Which words should I use?
There are so many to choose from, it seems a shame to try to find new ones. Maybe it is a waste of time, even.
Can I just use ones from Columbine, when I wondered if we would ever wipe the blood of these children off our hands?
Or the ones from Sandy Hook, where I condemned our leaders for looking away?
Maybe the ones from Parkland, when I was angry and demanded action?
I found words for the school shootings and the terrorist attacks.
Somehow found something to say about worshippers gunned down in the act of sacred gathering; something about people murdered in Walmart.
I have drawn from the texts I inherited: do not do this, do not stand by that; always remember, never forget.
I taught how AbrahamAbraham is the first patriarch and the father of the Jewish people. He is the husband of Sarah and the father of Isaac and Ishmael. God's covenant - that we will be a great people and inherit the land of Israel - begins with Abraham and is marked by his circumcision, the first in Jewish history. His Hebrew name is Avraham. argued with God to save just one life.
How RachelLavan's younger daughter and Jacob's beloved wife second wife (after he is initially tricked into marrying her older sister, Leah). Rachel grieves throughout her life that she is barren while Leah is so fertile. Ultimately, Rachel gives birth to Joseph and dies in childbirth with Benjamin. Rachel is remembered as compassionate (she is said to still weep for her children), and infertile women often invoke Rachel as a kind of intercessor and visit her tomb on the road to Bethlehem. sat by the road and wept.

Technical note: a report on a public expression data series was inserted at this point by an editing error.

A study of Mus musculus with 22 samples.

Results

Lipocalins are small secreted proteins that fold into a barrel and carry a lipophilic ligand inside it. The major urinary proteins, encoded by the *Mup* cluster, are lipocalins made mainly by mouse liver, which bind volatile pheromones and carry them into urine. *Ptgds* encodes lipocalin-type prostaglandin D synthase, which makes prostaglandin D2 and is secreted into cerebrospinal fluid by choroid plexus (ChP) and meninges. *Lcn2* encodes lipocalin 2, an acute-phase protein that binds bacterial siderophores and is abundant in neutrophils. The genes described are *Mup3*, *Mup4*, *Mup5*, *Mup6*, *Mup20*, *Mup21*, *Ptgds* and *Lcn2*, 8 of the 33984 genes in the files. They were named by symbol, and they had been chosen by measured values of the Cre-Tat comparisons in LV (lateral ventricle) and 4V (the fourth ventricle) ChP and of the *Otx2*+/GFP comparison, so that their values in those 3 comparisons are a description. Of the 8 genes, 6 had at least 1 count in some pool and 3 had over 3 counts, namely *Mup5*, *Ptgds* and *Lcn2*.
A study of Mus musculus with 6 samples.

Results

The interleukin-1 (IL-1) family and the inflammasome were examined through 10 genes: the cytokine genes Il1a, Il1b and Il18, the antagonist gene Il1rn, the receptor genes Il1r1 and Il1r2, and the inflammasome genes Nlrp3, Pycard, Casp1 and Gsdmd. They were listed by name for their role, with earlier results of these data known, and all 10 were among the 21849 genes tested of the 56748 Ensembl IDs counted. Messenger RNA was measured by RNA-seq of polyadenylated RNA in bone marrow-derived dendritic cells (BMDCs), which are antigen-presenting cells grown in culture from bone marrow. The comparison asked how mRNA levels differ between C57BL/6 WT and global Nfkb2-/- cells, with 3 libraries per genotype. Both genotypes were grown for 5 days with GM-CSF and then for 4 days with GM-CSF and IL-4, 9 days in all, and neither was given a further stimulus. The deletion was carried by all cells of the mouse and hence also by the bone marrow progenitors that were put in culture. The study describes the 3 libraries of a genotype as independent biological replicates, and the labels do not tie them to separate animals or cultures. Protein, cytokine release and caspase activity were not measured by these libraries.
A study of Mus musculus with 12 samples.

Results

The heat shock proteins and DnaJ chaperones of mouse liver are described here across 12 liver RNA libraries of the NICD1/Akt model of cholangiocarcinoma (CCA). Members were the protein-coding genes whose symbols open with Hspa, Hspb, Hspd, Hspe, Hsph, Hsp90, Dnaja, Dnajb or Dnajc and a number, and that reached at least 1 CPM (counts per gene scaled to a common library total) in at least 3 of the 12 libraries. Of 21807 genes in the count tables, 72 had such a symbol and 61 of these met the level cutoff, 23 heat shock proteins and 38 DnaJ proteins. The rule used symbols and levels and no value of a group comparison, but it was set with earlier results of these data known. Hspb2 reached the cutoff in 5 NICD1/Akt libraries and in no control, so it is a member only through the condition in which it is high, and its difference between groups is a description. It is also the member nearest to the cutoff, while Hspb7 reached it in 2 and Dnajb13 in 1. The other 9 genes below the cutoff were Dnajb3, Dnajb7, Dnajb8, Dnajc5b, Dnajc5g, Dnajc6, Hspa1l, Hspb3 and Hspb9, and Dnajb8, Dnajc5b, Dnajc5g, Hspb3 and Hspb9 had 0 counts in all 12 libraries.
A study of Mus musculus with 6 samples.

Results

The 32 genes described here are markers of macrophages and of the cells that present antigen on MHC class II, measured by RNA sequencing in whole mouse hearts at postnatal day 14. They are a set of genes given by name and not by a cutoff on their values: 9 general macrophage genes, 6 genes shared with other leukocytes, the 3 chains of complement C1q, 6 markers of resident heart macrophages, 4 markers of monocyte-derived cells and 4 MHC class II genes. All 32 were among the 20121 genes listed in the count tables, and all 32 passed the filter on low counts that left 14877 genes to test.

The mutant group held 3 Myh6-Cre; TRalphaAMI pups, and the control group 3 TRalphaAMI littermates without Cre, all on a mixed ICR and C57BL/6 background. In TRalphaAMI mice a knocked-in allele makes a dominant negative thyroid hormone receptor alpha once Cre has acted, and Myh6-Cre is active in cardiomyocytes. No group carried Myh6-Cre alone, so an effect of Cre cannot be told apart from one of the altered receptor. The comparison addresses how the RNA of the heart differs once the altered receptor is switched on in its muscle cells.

I echoed the prophets who specialized in finding the words for despair.
I gathered the gleanings from my colleagues and friends who were able to be more articulate than I.
Or, maybe, there will be no words. No vigils.
No Letters to the Editor or Facebook posts.
No altars for candles and teddy bears.
No petitions, angry protests, or briefings.
No rehashing of homilies and prayers.
Just abandoned attempts at messages and sermons of consolation.
Just sitting and staring into the face of despair,
refusing to blink.
Foolish me, writing words to say that I have no words.
Knowing that I will share these words so that others will know that I have none that are adequate.
Foolish me. All I really have are words.